Music of the Italian Baroque
The power of poetry inspires a musical revolution: from the opera stage to the music rooms of the aristocracy, composers from Monteverdi to Vivaldi find new ways to bring emotion alive in music.
In 1607, Claudio Monteverdi’s first opera L’Orfeo was premiered at the Ducal Palace in Mantua, Italy. It was received “to great satisfaction of all who heard it”, and is the earliest opera still being performed in the 21st century. Meanwhile:
- In Paris, King Henry IV opens the Pont Neuf (‘New Bridge’) — the oldest bridge still standing over the Seine
- Riots spread across the English Midlands as thousands of peasants protest against the loss of common land to private enclosures.
- The kingdom of Spain, having mismanaged the vast quantities of silver and gold obtained from its mines in Mexico and Peru, is bankrupted for the fourth time in 50 years.
- 104 Englishmen establish a settlement at what will become Jamestown, Virginia; despite famine and drought which will see more than three quarters of the settlers dead within a few months, the colony manages to survive, and becomes the first permanent English settlement in the Americas.
- The Baroque era in music began in Italy around 1600 and lasted till about 1750. Before it came the Renaissance period, during which the concept of music had expanded from a single line of melody (the Gregorian plainchant of the Medieval age) to multiples lines which could be sung or played simultaneously, and fit together smoothly to make a harmonious whole. But in 1602 an Italian composer called Giulio Caccini published a collection of songs called ‘Le nuove musichi’ (New Compositions) which took a very different approach: instead of many equal voices, there would be one solo singer, with an instrumental accompaniment. The emphasis would now be on the words, on getting the emotions of the text across through the music. From this new ‘voice + accompaniment’ texture came a new musical genre, opera. One of the first examples of opera was L’Orfeo, by Claudio Monteverdi, in 1607.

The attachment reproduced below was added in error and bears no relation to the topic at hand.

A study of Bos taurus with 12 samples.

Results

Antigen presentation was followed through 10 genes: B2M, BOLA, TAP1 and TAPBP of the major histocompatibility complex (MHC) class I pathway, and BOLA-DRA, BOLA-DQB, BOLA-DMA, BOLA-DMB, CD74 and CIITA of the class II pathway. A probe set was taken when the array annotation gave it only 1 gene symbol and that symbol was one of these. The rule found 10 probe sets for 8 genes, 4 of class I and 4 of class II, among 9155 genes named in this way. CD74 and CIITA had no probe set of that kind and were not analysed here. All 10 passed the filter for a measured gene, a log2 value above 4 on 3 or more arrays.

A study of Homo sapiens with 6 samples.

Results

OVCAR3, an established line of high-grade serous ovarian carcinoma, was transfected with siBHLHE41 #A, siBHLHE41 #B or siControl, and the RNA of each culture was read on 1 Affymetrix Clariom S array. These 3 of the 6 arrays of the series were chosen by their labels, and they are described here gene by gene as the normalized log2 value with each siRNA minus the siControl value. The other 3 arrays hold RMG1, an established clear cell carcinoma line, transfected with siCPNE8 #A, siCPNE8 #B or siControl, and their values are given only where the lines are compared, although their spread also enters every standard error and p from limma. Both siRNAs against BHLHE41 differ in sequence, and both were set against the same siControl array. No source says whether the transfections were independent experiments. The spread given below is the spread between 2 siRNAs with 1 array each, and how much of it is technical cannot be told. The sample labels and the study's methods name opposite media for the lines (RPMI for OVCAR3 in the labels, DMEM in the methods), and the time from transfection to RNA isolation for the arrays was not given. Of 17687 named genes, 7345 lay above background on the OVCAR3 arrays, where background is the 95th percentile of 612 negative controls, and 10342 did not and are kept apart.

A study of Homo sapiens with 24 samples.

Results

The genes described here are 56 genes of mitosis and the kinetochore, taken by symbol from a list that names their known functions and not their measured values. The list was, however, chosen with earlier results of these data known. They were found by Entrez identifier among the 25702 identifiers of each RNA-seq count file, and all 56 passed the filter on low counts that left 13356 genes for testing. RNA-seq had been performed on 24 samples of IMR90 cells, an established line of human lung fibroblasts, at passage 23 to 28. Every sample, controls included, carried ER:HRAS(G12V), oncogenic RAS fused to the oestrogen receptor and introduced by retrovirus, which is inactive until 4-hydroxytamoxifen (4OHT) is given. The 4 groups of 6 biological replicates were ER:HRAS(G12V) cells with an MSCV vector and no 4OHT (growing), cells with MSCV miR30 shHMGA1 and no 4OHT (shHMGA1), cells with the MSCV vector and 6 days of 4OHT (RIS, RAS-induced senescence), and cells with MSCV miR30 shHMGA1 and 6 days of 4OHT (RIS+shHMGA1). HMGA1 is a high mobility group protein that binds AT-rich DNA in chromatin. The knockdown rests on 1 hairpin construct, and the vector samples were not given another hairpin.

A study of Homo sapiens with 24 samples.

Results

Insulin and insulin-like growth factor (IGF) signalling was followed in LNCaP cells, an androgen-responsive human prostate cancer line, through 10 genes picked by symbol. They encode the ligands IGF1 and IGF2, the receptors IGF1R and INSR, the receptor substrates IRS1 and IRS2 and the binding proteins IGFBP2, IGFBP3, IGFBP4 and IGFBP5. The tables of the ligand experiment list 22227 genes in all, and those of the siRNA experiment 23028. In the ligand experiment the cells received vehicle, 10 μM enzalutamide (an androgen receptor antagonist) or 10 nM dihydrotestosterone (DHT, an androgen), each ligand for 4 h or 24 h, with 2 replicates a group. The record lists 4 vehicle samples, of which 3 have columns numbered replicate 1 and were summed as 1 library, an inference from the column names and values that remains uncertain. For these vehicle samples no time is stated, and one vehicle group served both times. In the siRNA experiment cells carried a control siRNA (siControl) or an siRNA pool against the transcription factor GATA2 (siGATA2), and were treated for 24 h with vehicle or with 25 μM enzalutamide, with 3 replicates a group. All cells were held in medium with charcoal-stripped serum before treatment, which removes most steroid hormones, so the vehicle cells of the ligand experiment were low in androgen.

- The new style brought with it an exhilarating sense of freedom, as the vocal line was no longer required to blend in, but rather was expected to stand out. As this aesthetic moved across into instrumental music, it produced another new musical genre: the concerto. There were two types of these which flourished during the Baroque era. The first of these, championed especially by Arcangelo Corelli, was the concerto grosso (‘large concerto’), which featured a small group of soloists — two violins and a cello, for example — as a contrast in texture with the full orchestra.
- The other kind of concerto was the solo concerto, which gave the limelight to just one instrument (most commonly a violin, but there are concertos for all manner of soloist — the oboe concertos by Alessandro Marcello and Tomaso Albinoni are especially beautiful). One of the most important composers in the early development of the solo concerto was Antonio Vivaldi, who wrote more than 500 of them, for a wide range of solo instruments — mostly to be played by the highly talented girls at the Venetian orphanage where he was the director of music. As the Baroque era moved towards the Classical in the mid-18th century, it was the solo concerto, with its opportunities for virtuoso display and for song-like eloquence, which took over from the concerto grosso as the favoured form.
- The word ‘Baroque’ wasn’t used until towards the end of the Baroque period, and at first it was intended as an insult! It comes from the Portuguese word barroco, which meant a misshapen pearl, and it was initially used to criticise this ‘modern’ music for its shameless use of new and strange effects in order to express moods and emotions.